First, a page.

Decoding CW (Morse code) and RTTY (radio teletype) signals
überarbeitet am 17.10.2010
In the sixties, You needed a FSK converter for the reception and decoding of RTTY / radio teleprinter signals. In addition to this converter You need an efficient stable short wave receiver, and a loud rattling mechanical teletypewriter was attached. In the eighties, electronic decoders that were able to make the decoded text visible on a monitor or domestic television set, made their appearence.
A radio teleteletype reception system consists thus of a short wave receiver suited to single sideband reception with sufficient frequency stability, a electronic decoder and a monitor, a printer can be added to print out the received text on paper. Nowadays, the decoder and monitor can be replaced by a personal computer that can process the signal feed to the line input of the sound board.
The electronic decoders have the ability to decode CW / dot-and-dash signals, so it is helpful to decode some radio amateur's messages if You cannot read Morse code.
For radio teletyping of messages, usually the Baudot code (CCITT No. 2) is used. It is a dual tone code (signal "1" called "Mark" and signal "0" so called "space"). You should know about the speed measured in Baud (bit/second), the frequency shift (distance between the carrier signals for the two tones, usually 170, 525 or 850 cycles per second) for correct settings if the decoder. You also have to switch the correct phase position (whether the lower or higher frequency carrier in frequency modulation corresponds to "Mark" or "space").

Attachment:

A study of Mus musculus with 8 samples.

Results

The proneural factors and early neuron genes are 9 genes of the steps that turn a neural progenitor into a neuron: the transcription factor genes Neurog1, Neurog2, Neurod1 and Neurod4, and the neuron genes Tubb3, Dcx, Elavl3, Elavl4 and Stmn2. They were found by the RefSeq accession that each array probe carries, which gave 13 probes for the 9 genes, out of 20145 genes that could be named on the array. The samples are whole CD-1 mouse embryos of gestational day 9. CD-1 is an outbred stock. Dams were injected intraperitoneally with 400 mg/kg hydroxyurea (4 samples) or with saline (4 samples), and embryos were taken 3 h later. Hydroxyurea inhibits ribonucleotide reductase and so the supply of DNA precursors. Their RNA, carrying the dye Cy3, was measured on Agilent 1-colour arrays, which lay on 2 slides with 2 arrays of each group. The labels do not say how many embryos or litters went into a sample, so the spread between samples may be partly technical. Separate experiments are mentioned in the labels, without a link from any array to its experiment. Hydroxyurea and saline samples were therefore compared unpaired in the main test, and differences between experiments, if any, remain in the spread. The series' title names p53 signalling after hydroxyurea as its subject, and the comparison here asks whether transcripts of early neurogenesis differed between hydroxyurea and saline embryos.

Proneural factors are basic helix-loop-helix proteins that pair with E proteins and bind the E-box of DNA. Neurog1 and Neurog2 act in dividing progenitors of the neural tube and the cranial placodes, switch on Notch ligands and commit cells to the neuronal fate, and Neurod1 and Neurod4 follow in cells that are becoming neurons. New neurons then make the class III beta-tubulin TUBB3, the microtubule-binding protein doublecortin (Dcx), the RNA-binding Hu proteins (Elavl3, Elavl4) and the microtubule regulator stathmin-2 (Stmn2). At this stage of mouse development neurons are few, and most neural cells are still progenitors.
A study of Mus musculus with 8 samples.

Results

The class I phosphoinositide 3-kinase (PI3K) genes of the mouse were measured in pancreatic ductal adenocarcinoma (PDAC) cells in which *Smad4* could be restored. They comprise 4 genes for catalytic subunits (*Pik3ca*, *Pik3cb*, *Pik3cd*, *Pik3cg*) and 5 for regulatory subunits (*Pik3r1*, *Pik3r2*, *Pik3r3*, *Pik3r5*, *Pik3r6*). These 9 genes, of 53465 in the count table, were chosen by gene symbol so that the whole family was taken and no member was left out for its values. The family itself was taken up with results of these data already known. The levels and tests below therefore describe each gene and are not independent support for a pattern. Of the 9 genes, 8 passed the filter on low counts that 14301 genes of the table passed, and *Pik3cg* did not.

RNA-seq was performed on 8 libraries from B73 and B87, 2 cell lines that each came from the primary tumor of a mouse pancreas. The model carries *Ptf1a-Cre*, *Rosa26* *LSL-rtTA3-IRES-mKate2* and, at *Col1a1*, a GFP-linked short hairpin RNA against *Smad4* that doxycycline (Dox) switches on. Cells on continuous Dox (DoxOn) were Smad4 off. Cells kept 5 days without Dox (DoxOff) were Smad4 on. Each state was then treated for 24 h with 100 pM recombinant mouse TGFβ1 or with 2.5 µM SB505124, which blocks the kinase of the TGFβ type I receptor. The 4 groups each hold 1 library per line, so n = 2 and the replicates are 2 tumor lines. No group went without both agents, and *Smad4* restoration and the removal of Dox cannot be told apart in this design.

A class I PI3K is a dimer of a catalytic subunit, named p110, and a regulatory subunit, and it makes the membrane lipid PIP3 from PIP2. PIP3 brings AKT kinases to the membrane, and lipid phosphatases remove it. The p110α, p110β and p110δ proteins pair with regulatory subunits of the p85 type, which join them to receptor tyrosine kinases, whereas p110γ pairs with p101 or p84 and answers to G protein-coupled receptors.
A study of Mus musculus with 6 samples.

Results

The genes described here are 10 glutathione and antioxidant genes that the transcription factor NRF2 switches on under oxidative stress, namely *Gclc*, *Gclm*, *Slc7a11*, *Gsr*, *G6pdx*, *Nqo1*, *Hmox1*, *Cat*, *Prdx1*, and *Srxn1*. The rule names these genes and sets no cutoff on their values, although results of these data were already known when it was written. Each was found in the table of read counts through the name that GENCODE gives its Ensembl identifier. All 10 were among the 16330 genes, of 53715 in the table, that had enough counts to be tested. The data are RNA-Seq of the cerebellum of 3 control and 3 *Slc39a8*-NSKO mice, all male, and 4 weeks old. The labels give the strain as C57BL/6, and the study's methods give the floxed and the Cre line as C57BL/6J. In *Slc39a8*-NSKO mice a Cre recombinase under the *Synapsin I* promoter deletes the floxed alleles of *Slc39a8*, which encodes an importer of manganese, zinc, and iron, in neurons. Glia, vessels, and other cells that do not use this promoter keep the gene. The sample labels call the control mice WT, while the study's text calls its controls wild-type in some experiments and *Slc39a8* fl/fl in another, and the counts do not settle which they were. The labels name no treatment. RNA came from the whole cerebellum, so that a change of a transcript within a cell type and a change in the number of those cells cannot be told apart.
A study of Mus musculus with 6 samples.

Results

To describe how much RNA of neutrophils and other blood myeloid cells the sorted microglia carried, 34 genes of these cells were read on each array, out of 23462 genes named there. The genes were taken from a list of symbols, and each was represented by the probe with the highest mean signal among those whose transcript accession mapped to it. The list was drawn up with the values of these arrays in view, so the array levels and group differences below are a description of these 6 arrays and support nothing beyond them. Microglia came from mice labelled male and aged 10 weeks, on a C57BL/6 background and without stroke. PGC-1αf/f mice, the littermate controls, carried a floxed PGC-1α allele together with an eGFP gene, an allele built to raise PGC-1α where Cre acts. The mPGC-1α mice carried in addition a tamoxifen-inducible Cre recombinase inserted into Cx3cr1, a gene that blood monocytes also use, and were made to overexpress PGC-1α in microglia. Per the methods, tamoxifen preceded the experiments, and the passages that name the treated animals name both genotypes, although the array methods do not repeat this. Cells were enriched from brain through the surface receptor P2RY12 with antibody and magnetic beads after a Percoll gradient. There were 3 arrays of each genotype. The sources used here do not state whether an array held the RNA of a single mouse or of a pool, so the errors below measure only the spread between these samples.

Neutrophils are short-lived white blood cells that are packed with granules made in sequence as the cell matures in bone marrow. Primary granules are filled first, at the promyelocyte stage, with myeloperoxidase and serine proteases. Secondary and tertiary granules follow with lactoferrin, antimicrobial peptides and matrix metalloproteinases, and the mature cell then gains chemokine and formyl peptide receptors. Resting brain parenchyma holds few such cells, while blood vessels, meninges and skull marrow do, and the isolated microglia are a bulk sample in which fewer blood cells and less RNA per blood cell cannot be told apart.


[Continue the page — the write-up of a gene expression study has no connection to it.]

ASCII code was used very rarely on short waves. The ASCII code with its upper and lower case letters, numbers and some special characters was particularly used in early electronic data processing systems, those ancient personal computers with information stored on cassette recorders.
A further improvement to the traditional radioteletype transmission
protocols using the Baudot code were the ARQ procedures providing error correction.
After every 7 impulses, the receiving station sends back a acknowledgement signal,
signalig correct reception of the group.
In the eighties, still quite a large number of press agencies and maritime stations were on the air with radio teletype transmissions. Nowadays, the majority of radio teletype transmissions consists of messages from radio amateurs and weather radio services. Dispatching of text messages in commercial short wave services became almost obsolete, email and SMS have taken it's place.